One nice thing ab out Alaska cruises is that all the ports are set up for gangways. You never have to tender into port, which makes getting off the boat fairly fast and efficient. We arrived in Juneau at 1pm and had to be back on the boat by 9pm.
On the advice of CruiseCritic and other forums, we had refrained from booking any excursions with the cruise line for the Alaska ports. Instead, we planned to find independent booking companies and tour operators at each port. Overall, we saved quite a bit of money by doing this, and I think we ended up with better tours. This strategy is risky in theory, as tours may sell out, but so long as you don’t have your heart set on one particular tour or excursion, you should be fine. We were able to get every excursion that we wanted to do with no problems, but we also made a point of arranging our tours first thing as soon as we got off of the ship.
In Juneau, I wanted to book a whale watching tour. We booked with Orca Tours (an independent operator) in port. This was the only case where we actually paid about the same price as booking through the ship, but Orca Tours limits each tour to forty people, so you end up with more personalized attention and less elbowing when trying to see toward one side or another. We were taken in an (air conditioned) motorbus to the docks, which were about 20-30 minutes outside of Juneau. Then, we boarded the ship, helmed by Captain Larry, who is really the epitome of a scraggly sea captain in looks…but he has a very warm smile and demeanor, so don’t let that put you off.
We got some great pictures of the whales as well as two different glaciers that aren’t easily visible from land. We also arranged while on the boat, for an additional $20 per person, to be taken to and from the Mendenhall Glacier after the whale watching tour.
After the whale watching tour, we boarded a smaller bus to head to Mendenhall. The glacier is gorgeous, and there’s a lovely waterfall to the right. We had read on the boards that there was a trail to get you closer to the waterfall and glacier, but it was flooded out during our visit. It looks like it goes through the wetlands, so the tide and time of year will determine if it’s available to you. At any rate, we got a really good view from the overlook. We also chatted with a park ranger who had some glacial ice in a bin near the visitor’s center. She was getting it out of the lake so that visitors could look at it. It was incredibly clear and had an almost round and bubbly pattern to it as it melted. I asked about the colors of ice, and she said that the color of the iceberg indicates how tightly compressed the ice is. Blue indicates very compressed ice, while white is less so and clear is not compressed at all. When the glacier calves, the ice is usually blue, and then it gets white and clear as it drifts and absorbs air.
We had about forty more minutes at the park, so we decided to walk the trails near the Visitor’s Center. We started on a creek trail that actually closes in mid July because of bear activity. The creek is popular for salmon and thus bears. DH was hoping to see salmon, and I wanted to see a bear, so we decided to take a shot on that trail. It was a very easy 1/4 mile trail, mostly boardwalk with placards describing the wildlife. The creek was pretty and peaceful, but neither of us saw what we were hoping to see. We were a little early in the month for bears and salmon. When we reached the end of the creek trail, it was very easy to walk across to the end of the Trail of Time and do it “backwards” toward the visitor’s center.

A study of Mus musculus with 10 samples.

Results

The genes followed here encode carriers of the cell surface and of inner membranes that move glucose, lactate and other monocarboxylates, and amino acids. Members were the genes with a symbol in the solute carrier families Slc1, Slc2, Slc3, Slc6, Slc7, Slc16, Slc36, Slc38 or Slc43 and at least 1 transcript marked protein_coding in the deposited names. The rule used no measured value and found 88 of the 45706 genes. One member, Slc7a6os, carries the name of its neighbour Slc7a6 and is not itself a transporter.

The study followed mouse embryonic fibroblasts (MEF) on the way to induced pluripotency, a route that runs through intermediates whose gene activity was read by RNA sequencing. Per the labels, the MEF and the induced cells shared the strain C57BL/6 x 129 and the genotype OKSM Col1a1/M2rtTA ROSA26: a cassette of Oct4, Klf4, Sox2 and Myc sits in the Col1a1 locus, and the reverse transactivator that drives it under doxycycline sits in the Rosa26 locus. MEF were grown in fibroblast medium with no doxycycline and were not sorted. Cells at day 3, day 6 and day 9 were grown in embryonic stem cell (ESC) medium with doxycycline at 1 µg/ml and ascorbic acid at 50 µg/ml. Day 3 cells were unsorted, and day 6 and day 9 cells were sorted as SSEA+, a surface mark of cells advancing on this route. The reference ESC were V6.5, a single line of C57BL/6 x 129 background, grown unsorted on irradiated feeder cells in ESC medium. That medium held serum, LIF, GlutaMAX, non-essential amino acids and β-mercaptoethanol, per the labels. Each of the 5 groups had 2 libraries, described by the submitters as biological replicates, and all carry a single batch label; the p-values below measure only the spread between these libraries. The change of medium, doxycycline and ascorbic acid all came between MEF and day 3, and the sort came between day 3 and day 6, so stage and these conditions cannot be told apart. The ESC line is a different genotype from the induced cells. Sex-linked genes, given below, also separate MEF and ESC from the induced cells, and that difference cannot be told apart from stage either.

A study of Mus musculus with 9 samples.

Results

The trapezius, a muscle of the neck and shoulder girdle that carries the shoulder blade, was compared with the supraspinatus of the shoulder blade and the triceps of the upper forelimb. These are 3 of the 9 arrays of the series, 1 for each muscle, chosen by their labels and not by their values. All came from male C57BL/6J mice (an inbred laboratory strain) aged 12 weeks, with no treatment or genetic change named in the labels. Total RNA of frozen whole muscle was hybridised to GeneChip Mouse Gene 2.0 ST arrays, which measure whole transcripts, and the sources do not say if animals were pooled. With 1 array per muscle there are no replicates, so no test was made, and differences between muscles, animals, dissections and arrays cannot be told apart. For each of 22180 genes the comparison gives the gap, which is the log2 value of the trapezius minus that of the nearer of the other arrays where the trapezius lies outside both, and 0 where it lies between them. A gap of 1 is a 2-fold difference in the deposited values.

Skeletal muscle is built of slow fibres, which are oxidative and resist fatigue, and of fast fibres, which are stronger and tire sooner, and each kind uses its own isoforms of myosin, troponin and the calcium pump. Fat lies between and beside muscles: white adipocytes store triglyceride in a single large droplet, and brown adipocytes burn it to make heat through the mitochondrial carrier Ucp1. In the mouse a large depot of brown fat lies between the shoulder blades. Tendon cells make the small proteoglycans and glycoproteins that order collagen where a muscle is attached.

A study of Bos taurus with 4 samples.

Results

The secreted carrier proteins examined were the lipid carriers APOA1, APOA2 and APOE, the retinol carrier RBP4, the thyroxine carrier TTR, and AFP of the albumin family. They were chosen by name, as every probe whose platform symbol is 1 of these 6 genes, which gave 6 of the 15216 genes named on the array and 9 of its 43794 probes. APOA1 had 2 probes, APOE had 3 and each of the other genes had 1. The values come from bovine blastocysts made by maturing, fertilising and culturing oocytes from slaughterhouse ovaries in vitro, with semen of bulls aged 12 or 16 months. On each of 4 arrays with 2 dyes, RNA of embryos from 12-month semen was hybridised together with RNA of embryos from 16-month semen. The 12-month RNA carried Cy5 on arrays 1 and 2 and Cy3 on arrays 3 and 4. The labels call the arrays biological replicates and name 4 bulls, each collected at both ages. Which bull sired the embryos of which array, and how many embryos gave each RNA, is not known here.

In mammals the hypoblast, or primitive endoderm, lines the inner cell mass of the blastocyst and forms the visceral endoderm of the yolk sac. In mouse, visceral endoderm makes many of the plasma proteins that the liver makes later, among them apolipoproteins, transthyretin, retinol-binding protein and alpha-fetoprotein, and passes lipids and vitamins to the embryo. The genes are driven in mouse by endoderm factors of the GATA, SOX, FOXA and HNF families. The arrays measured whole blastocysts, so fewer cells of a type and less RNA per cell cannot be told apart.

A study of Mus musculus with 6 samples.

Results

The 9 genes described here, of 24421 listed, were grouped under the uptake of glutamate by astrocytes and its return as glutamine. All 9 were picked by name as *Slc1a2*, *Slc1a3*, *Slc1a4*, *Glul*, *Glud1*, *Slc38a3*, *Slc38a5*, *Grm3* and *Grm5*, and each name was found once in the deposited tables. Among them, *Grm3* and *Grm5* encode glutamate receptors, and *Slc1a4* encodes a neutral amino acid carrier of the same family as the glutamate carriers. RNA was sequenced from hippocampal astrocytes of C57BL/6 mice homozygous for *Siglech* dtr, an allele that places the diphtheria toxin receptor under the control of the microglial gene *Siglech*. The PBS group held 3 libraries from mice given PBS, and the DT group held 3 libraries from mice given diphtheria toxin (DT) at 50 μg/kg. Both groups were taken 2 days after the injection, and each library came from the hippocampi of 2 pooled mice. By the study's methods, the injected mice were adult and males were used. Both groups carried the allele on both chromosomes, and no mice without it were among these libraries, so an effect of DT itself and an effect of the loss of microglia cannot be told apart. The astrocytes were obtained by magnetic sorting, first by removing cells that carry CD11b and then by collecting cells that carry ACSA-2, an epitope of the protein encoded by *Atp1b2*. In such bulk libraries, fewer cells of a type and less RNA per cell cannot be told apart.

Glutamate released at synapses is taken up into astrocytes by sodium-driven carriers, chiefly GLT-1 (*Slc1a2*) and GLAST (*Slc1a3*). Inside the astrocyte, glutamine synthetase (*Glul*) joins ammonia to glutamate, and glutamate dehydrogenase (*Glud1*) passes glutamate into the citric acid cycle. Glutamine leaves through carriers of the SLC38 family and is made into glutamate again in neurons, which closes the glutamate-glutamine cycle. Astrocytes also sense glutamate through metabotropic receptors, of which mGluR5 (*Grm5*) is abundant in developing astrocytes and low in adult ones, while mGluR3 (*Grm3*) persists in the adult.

That was a bit of a mistake. If you’re going from the visitor’s center, it’s downhill for most of the trail. If you’re going the opposite direction, as we were, it’s uphill. Nonetheless, I liked that trail better. It was more scenic, and it had a nice waterfall about halfway through. By the end of it, we were getting a bit worried about time. We were making great time, but we had no idea if it was going to get steeper or how much farther we needed to go. We had plenty of time though. We even wandered around the visitor’s center for a bit. We were the last on the bus, but we were on time getting there at 7:30pm.
It took about twenty minutes to get back to Juneau. The bus driver (Brent) offered to drop anyone off anywhere in town. DH and I decided to get off at the Red Dog Saloon in the “local” (not cruise-owned) part of town. We were famished, having not eaten since breakfast on the ship, so we split a Reindeer Sausage pizza and each got a Diet Coke (with free refills!). We did a little shopping at the Red Dog’s gift shop before leaving. At this point (8:30pm), it was dusk, and it was beginning to drizzle. Though I had been interested in taking the Mt. Roberts tram, it was no longer running. (The view wouldn’t have been great at that point anyways.) We headed back to the ship for some dinner and onboard activities. With the balcony cabin, it was always fun to sit or stand outside when the ship left port. We ended up crashing early, particularly because we knew we were getting up in the morning to go to Skagway.